About Alyssa

How to Become a Grant Consultant

Do you dream of going to the office in yoga pants, waking up whenever you want and working from anywhere? Of course besides the obvious benefits of being your own boss, when you’re a grant consultant you also have the luxury of naming your own salary, deciding who you want to work with, and choosing how you want to work.

Easy, right?

Not so fast. Before you take the plunge here are tips from my own experience of operating a successful business for seven years.

How Do You Get Started?

Here are five steps to get started:

Evaluate your experience

Being a mom to small children, I’ve met a lot of other moms who hear what I do and a light bulb goes off in their head. Wait a minute, you can work from home and make money writing—that sounds so easy! Not exactly. If you don’t have any nonprofit or grant writing experience (or skills that can transfer to grant writing), it’s a good idea to get practical experience before going out on you own. Volunteer, take classes, intern, or work for someone else first. Grant development as most of us in this field know, is a lot more than just “writing.”

Evaluate your personality

Do you like the security of regular business hours, paid vacations, and benefits? Are you easily distracted? When you work for yourself, there are no guarantees. You may have a month full of deadlines and long hours, and another month of hardly any work at all. If you’re the soul breadwinner and the thought of a month of no work gives you a heart attack, maybe this isn’t for you.

Develop a plan

Whether it’s a formal business and marketing plan or just some bulleted lists, don’t “wing” it. Get business cards, meet with an accountant, open up a business bank account, start a website, and jump onto social networks. Draft up a contract for clients. Research salaries in the area and determine how much you’ll charge to make a living. (Remember you’re not a volunteer and are an investment to agencies that work with you. Do not sell yourself short by charging below market rates). Will you work per hour, on retainer, or per project? Will you focus on the arts or public agencies? Will you work locally or nationally, or both? Look at your experience and interests to figure this out. Just remember, if you take your business seriously, others will too.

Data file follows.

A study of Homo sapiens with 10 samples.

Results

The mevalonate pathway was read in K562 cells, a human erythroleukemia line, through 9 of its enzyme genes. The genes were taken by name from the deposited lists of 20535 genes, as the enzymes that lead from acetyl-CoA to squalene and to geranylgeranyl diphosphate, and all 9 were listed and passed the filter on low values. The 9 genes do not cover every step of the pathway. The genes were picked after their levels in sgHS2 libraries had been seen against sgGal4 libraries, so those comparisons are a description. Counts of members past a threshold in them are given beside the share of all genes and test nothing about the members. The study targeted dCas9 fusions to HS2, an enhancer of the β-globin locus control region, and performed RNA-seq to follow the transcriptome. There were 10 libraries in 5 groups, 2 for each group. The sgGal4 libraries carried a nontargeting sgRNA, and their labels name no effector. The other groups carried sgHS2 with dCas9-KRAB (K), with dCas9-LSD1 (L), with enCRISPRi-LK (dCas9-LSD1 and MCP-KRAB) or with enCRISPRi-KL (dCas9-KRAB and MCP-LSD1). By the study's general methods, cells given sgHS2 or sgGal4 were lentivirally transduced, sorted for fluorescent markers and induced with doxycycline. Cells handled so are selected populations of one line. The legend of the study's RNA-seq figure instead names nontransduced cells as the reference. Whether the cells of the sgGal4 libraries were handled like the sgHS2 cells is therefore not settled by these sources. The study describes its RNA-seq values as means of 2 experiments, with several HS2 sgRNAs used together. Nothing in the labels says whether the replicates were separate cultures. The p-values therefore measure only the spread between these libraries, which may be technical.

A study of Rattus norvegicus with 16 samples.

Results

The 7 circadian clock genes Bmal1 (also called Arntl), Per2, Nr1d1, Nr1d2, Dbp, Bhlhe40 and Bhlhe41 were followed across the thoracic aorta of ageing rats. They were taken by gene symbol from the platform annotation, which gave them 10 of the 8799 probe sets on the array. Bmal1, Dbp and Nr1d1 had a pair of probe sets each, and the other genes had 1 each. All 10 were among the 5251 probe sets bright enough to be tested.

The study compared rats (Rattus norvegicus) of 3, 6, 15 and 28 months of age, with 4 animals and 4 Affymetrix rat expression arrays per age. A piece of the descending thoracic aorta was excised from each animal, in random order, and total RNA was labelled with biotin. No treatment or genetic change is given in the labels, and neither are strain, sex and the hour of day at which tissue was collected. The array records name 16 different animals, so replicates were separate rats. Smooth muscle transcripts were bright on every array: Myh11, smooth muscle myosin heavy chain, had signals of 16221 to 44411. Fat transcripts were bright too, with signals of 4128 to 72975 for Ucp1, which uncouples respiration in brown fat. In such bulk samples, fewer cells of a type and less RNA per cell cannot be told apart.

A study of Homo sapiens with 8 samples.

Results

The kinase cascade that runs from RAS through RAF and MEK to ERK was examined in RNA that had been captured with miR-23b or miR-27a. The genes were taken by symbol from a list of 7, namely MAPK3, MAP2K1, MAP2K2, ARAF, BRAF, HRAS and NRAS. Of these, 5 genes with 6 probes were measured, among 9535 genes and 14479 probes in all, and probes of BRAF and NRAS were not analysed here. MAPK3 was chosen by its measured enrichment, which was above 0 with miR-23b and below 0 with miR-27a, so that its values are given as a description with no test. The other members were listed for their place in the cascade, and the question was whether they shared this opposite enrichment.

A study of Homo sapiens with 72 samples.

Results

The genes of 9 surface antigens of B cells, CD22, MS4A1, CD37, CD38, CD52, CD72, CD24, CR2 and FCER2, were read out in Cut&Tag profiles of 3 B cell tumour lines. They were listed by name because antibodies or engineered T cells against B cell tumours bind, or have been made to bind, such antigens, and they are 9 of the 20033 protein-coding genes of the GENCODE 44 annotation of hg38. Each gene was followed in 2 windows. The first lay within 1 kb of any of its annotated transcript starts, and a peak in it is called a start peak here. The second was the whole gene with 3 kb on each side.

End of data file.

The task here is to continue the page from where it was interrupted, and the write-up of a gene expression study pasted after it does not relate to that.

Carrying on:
Scout the playing field

Before you jump into your own business, it’s important to research. Who are the other players in town? How much do they charge? Who do they work with? How do they work?

Go on informational interviews

Once you learn who the players are, ask them to coffee. Most grant professionals are happy to talk to you. Ask for tips and how they got started. Tell them about your background and experience and the types of agencies you want to work with. It just may lead to future contracts. For example, I have subcontracted with other grant writers and referred others to clients when I’m too swamped or the project is outside of my expertise or interests.

Okay, So You’re Ready to Go, Now Where’s the Work?

Word of mouth

I often get asked how I find new clients and this is always the answer. When you get started this isn’t easy. My first clients were former employers. Talk to anyone and everyone who you have worked with and let them know you’re open for business. Direct them to your website. Ask them if they know anyone who is looking for help.

Hunt through job ads

Consider responding to advertised grant writer positions even if they are not actually looking for a contractor. Tell them about the benefits to be gained by working with someone outside of the agency (such as no taxes or insurance plus the insight of a new perspective). Don’t forget to talk about the experience you bring.


Besides meeting with other grant writers one-on-one, join your local grants chapter if you have one. The Grant Professionals Association and the American Grant Writers’ Association are great resources for finding local chapters in your area. Of course, you can join other development or fundraising groups, too. It’s also important that you attend local and regional workshops and volunteer to get involved.

Post your info

Take advantage of free listserves that are relevant to your field (e.g. education listserves, nonprofit listserves, etc.). If you’re a member of Grant Professionals Association or any other fundraising group and they offer a consultant registry make sure you sign up.

Host workshops

If you’re comfortable in front a crowd, volunteer to host grant development workshops. Although these are normally unpaid, they can lead to referrals and clients. Check with local nonprofits, business/civil groups, and fundraising agencies to see if they have an interest and need for any workshops.

Final Thoughts

Most importantly don’t give up! It may take some time. You may not be able to quit your day job right away, but once you get that first client, take a deep breath and celebrate.

Focus on your clients and soon you’ll find your groove. Do a great job and chances are more work will follow. Don’t fret if every job doesn’t work out. As you get more established and work becomes steady, you can be pickier. Never stop learning, never stop challenging yourself, and enjoy all the perks of self-employment.

So if you want to sit by a beach in Hawaii with your laptop while completing a federal grant, go for it! I’ll meet you for a Mai-Tai.